Guide.ArduinoNano History


to:

If you have an Arduino Nano 3.0, you'll need to select Arduino Duemilanove or Nano w/ ATmega328 from the Tools > Board menu. If you have an Arduino Nano 2.x, select Arduino Diecimila, Duemilanove, or Nano w/ ATmega168. Select the correct serial port selected from the Tools > Serial Port menu. Then simply press the upload button in the Arduino environment. The board will automatically reset and the sketch will be uploaded. If you have any problems, see the troubleshooting guide.

August 15, 2009, at 04:17 PM by David A. Mellis -




August 15, 2009, at 04:16 PM by David A. Mellis -

The various components of the Arduino Nano.



For more details on the Arduino Nano, see the hardware page.

to:

If you have an Arduino Nano 3.0, you'll need to select Arduino Duemilanove or Nano w/ ATmega32 from the Tools > Board menu. If you have an Arduino Nano 2.x, select Arduino Diecimila, Duemilanove, or Nano w/ ATmega168. Select the correct serial port selected from the Tools > Serial Port menu. Then simply press the upload button in the Arduino environment. The board will automatically reset and the sketch will be uploaded. If you have any problems, see the troubleshooting guide.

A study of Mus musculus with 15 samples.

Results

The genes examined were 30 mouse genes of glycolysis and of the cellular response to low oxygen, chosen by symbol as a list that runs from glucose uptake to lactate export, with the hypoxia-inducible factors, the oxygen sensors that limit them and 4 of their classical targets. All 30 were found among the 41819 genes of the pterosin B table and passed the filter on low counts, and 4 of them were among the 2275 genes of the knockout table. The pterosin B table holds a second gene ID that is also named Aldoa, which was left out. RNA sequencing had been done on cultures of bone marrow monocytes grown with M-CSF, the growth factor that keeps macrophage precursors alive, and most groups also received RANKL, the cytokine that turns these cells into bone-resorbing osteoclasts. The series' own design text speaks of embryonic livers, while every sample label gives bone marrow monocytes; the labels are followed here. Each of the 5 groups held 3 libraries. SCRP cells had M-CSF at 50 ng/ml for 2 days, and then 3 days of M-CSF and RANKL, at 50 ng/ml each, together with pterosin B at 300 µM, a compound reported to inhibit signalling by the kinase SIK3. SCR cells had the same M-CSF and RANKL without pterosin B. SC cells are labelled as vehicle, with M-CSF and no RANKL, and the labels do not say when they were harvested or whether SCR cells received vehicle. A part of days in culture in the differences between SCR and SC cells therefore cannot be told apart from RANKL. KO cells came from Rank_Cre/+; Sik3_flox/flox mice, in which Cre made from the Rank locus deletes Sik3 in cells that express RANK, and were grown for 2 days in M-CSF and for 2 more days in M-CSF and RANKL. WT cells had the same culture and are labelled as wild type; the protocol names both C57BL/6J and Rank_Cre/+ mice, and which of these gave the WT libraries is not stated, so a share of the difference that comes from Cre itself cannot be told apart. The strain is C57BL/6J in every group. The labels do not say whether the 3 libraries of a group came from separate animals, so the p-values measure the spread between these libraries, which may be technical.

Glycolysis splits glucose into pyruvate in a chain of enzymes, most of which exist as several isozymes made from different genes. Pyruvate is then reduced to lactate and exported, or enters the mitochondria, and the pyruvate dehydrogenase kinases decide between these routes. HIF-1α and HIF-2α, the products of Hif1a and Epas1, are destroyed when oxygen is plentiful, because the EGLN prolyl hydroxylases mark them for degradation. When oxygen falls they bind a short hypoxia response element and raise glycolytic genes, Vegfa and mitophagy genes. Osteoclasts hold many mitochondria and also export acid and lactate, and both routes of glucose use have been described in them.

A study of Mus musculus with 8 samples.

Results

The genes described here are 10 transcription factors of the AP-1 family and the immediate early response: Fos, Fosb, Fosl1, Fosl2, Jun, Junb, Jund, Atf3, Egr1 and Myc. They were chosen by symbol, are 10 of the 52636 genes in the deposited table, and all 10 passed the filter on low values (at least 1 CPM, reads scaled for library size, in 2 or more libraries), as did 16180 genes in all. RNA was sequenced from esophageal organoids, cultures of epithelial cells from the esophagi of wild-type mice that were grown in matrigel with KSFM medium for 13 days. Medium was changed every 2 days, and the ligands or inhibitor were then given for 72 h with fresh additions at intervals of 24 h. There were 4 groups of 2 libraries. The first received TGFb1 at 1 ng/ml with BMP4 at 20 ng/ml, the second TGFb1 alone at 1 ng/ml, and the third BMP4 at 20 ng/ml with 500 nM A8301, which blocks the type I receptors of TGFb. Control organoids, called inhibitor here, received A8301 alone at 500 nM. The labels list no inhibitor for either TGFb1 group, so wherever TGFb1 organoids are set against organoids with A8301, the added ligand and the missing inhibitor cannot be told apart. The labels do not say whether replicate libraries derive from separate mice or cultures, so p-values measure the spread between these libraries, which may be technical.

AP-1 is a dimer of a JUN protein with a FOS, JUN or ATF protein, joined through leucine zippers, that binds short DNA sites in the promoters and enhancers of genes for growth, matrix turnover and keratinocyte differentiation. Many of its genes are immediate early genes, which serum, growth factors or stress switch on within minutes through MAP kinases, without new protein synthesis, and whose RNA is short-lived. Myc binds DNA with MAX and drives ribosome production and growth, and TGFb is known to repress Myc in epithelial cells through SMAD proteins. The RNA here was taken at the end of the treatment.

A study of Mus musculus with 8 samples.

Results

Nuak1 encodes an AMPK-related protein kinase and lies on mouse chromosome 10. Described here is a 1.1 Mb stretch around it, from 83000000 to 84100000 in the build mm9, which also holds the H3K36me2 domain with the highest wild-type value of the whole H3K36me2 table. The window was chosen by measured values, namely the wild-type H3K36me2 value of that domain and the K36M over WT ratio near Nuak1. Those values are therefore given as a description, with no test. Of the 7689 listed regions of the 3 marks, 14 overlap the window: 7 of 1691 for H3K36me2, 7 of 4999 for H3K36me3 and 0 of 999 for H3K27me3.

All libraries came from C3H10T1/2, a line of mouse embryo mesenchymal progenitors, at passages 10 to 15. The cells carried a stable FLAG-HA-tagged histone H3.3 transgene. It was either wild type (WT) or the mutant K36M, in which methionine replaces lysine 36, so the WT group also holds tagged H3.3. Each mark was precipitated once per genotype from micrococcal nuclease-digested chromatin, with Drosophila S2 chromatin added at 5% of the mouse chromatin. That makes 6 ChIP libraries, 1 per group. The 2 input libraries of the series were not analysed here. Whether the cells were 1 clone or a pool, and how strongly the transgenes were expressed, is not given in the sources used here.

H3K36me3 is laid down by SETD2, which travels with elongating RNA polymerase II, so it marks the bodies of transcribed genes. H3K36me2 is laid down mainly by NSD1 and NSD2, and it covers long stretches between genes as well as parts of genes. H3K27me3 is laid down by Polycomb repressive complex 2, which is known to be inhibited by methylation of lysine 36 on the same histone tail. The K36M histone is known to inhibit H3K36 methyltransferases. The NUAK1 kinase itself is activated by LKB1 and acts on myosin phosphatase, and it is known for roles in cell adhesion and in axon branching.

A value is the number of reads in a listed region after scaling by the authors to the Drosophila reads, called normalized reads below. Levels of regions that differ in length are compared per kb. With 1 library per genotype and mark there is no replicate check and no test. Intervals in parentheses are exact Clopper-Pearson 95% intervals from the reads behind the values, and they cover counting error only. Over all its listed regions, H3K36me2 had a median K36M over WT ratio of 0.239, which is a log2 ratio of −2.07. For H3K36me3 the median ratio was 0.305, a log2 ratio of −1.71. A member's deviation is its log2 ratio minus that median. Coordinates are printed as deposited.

For more details on the Arduino Nano, see the hardware page.

June 21, 2008, at 07:36 PM by David A. Mellis -


June 21, 2008, at 07:27 PM by David A. Mellis -

to:

To upload a sketch to the Nano, make sure you have the Arduino Diecimila option selected from the Tools > Board menu and the correct serial port selected from the Tools > Serial Port menu. Then simply press the upload button in the Arduino environment. The board will automatically reset and the sketch will be uploaded, as with the Arduino Diecimila. If you have any problems, see the troubleshooting guide.

For more details on the Arduino Nano, see the hardware page.

June 18, 2008, at 04:28 PM by David A. Mellis -

This is a preliminary guide and will be updated and expanded in the next few days.

To connect the Arduino Nano to your computer, you'll need a Mini-B USB cable. This also provides power to the board, as indicated by the blue LED on the bottom.

To upload a sketch to the Nano, make sure you have the Arduino Diecimila option selected from the Tools > Board menu and the correct serial port selected from the Tools > Serial Port menu. Then simply press the upload button in the Arduino environment. The board will automatically reset and the sketch will be uploaded, as with the Arduino Diecimila. If you have any problems, see the troubleshooting guide.